How do you encourage and preserve children’s natural creativity and belief in their own capacity?
This week I had an “Artist Play Date” with 7 year old Nora, who taught me the shrink art techniques she learned at summer camp. Nora knows I am a big fan of Shrink-It-Sheets, so she was eager to show me her innovative and truly unique creations.
Nora had learned how to use clear shrink art plastic to make 3-D art abstractions in the style of glass sculptor, Dale Chihuly. Here’s Nora in my garage studio with some of the clear shrink-it sheets that she decorated with permanent markers and rubber stamps.
I love the combination of art, math and science that shrink art projects provide. It engages scientific inquiry, physical science and geometry, and includes active explorations of cause and effect, change of state, and mathematical reasoning. Not to mention that it’s colorful, creative and fun.
The artist we were emulating is Dale Chihuly, a glass art sculptor known for his stunning and colorful organic shapes. Unlike the majority of glass artists whose work is functional and focuses on vessels and bowls, Chihuly’s glass work is pure abstract art. Children typically relate very well to his use of bright colors and shapes, and can easily be inspired by his style. People traveling to Las Vegas can see this stunning example of his work in the lobby of the Bellagio Hotel.
A close look at Nora’s shrink art sculpture shows off the same brilliant colors and organic shapes of Chihuly’s style, and this close up blue “pod” created from opaque shrink art plastic also reveals rich semi-transparent colors.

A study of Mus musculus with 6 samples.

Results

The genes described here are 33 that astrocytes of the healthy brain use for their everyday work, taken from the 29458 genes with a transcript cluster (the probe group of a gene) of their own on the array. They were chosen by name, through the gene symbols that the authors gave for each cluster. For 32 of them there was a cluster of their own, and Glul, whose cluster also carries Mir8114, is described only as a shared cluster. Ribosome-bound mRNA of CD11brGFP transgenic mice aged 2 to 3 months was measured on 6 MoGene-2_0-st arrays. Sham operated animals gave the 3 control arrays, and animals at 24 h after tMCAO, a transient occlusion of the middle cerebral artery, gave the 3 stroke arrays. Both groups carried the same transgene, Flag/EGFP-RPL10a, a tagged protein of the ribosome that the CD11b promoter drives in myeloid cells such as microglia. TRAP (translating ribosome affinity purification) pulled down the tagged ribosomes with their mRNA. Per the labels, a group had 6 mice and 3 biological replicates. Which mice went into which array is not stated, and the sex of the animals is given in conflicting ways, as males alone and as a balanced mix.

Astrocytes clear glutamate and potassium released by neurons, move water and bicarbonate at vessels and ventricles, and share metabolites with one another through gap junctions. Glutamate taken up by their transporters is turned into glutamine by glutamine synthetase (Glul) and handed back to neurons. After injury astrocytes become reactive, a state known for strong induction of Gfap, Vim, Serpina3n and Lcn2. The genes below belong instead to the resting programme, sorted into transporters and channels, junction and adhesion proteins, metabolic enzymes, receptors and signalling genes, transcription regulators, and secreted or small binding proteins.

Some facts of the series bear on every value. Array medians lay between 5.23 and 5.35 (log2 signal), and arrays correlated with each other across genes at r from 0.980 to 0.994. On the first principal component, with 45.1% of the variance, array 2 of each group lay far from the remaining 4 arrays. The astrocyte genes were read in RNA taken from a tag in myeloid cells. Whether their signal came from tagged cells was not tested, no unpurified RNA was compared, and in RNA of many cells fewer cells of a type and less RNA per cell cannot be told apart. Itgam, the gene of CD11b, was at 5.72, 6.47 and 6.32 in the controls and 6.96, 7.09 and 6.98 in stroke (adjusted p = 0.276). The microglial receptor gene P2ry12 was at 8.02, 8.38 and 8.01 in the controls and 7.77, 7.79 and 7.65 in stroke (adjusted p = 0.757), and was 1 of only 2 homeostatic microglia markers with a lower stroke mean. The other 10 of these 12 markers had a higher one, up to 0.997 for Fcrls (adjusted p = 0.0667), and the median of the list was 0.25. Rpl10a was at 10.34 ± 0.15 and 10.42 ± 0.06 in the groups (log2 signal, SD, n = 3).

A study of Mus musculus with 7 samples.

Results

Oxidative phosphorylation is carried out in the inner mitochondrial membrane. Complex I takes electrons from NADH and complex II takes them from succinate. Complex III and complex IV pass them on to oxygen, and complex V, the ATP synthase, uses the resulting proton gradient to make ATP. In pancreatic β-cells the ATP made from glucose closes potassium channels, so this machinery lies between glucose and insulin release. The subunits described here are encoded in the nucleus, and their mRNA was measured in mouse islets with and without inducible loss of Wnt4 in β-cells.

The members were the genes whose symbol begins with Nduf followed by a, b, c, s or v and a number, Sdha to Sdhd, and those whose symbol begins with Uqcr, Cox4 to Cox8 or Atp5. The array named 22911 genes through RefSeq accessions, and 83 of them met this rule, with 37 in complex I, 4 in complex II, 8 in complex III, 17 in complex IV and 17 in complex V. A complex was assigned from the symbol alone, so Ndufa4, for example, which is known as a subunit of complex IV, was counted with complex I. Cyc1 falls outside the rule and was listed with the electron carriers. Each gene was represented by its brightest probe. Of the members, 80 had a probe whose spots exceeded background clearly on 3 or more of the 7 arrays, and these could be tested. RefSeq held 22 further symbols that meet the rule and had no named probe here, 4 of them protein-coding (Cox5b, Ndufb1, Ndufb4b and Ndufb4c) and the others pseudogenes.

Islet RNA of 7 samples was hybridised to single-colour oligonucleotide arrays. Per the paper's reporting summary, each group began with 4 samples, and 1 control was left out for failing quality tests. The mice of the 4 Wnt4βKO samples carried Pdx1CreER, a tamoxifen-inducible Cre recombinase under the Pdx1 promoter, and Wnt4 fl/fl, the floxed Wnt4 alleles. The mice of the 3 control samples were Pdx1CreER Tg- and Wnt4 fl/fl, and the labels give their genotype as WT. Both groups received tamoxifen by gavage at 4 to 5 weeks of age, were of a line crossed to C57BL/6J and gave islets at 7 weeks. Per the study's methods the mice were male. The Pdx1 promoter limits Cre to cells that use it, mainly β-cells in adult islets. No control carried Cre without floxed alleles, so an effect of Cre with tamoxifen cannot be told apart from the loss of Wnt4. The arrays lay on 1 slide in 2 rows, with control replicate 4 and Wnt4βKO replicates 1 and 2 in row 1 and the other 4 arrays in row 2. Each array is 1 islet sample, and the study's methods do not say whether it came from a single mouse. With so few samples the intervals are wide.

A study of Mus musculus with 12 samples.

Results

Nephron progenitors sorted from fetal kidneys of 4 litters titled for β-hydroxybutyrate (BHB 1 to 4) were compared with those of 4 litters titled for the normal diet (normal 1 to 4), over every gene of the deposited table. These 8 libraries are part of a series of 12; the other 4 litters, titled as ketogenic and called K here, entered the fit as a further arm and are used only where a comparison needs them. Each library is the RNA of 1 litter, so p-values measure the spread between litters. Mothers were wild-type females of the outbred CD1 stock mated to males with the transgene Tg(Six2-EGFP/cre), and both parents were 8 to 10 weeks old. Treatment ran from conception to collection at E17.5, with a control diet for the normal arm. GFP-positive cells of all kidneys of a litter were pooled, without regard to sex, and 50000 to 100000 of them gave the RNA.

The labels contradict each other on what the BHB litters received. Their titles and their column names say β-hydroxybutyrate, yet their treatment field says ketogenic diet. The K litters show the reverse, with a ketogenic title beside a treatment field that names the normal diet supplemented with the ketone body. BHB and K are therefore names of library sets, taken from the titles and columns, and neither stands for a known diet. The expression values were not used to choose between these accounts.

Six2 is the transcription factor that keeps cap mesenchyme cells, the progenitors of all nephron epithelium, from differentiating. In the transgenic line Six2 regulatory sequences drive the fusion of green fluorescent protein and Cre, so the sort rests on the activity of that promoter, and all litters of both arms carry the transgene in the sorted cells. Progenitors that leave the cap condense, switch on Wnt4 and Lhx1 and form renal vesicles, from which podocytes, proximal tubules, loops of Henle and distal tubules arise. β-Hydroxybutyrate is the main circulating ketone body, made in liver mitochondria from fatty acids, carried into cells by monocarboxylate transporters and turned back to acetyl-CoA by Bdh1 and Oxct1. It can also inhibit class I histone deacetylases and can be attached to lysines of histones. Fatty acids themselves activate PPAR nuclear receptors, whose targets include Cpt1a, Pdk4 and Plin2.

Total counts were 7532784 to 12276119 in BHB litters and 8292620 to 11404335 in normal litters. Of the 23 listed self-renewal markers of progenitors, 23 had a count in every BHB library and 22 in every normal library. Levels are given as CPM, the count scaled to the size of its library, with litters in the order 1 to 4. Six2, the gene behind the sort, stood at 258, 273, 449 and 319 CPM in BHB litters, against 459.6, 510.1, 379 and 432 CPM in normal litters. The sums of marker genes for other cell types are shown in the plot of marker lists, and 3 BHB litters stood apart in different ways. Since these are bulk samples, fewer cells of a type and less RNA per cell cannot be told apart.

Here’s another example of opaque Shrink It Sheet cutouts, which we decorated with markers and rubber stamp impressions. They’re shown here in the oven, where we baked them for 3 minutes at 310 degrees. When they came out, Nora attached them together into this small sculpture using Twist and Bend Craft Ties. You can also a hot glue gun to attach baked pieces together, but twist ties add color and eliminate the stress of using hot glue.
While the oven was warm, we also experimented with permanent markers and stamps on plastic cups. Here are the cups before and after baking. Again, Nora used Twist and Bend Craft Ties to connect baked parts together into one composition.
Just like with the Shrink-It-Sheets, we baked the colored plastic cups for 3 minutes in a 310-degree oven. Various brands of plastic cups have different properties, and oven temperatures also vary, so this part calls for experimentation (aka the scientific method at work). You can use a toaster oven in the classroom too, just keep the windows open for ventilation. It’s so dramatic to see how oven heat distorts, shrinks and flattens various thin plastics, causing designs to shrink and colors to intensify.
Thanks, Nora! I learned a lot from you and admire your curiosity. And while I’m kind of sad that summer break is coming to an end, I know a new school year of growth and discovery lies ahead for YOU and other children nationwide.
With the nationwide emphasis on STEM in education, there is no better time to combine art and science in creative ways like these to “fan the flame” of their natural curiosity. STEAM adds the ART to STEM and stands for science, technology, engineering, art and Mathematics. The goal of integrating STEAM practices into the classroom is to empower students to be problem-solvers and innovators, unafraid of failure and committed to figuring out open-ended challenges that mirror real world situations.
Nora probably didn’t think of her artist play date as a STEAM exercise, but she was smiling when she left and beaming with creative confidence in her discoveries and abilities.
As teachers and parents, we know children are born curious and creative, but too often the forced structure of formal schooling erodes their sense of wonder. I hope you consider incorporating more STEAM ideas into your classroom this year, and use them to facilitate wonder, curiosity and creative confidence.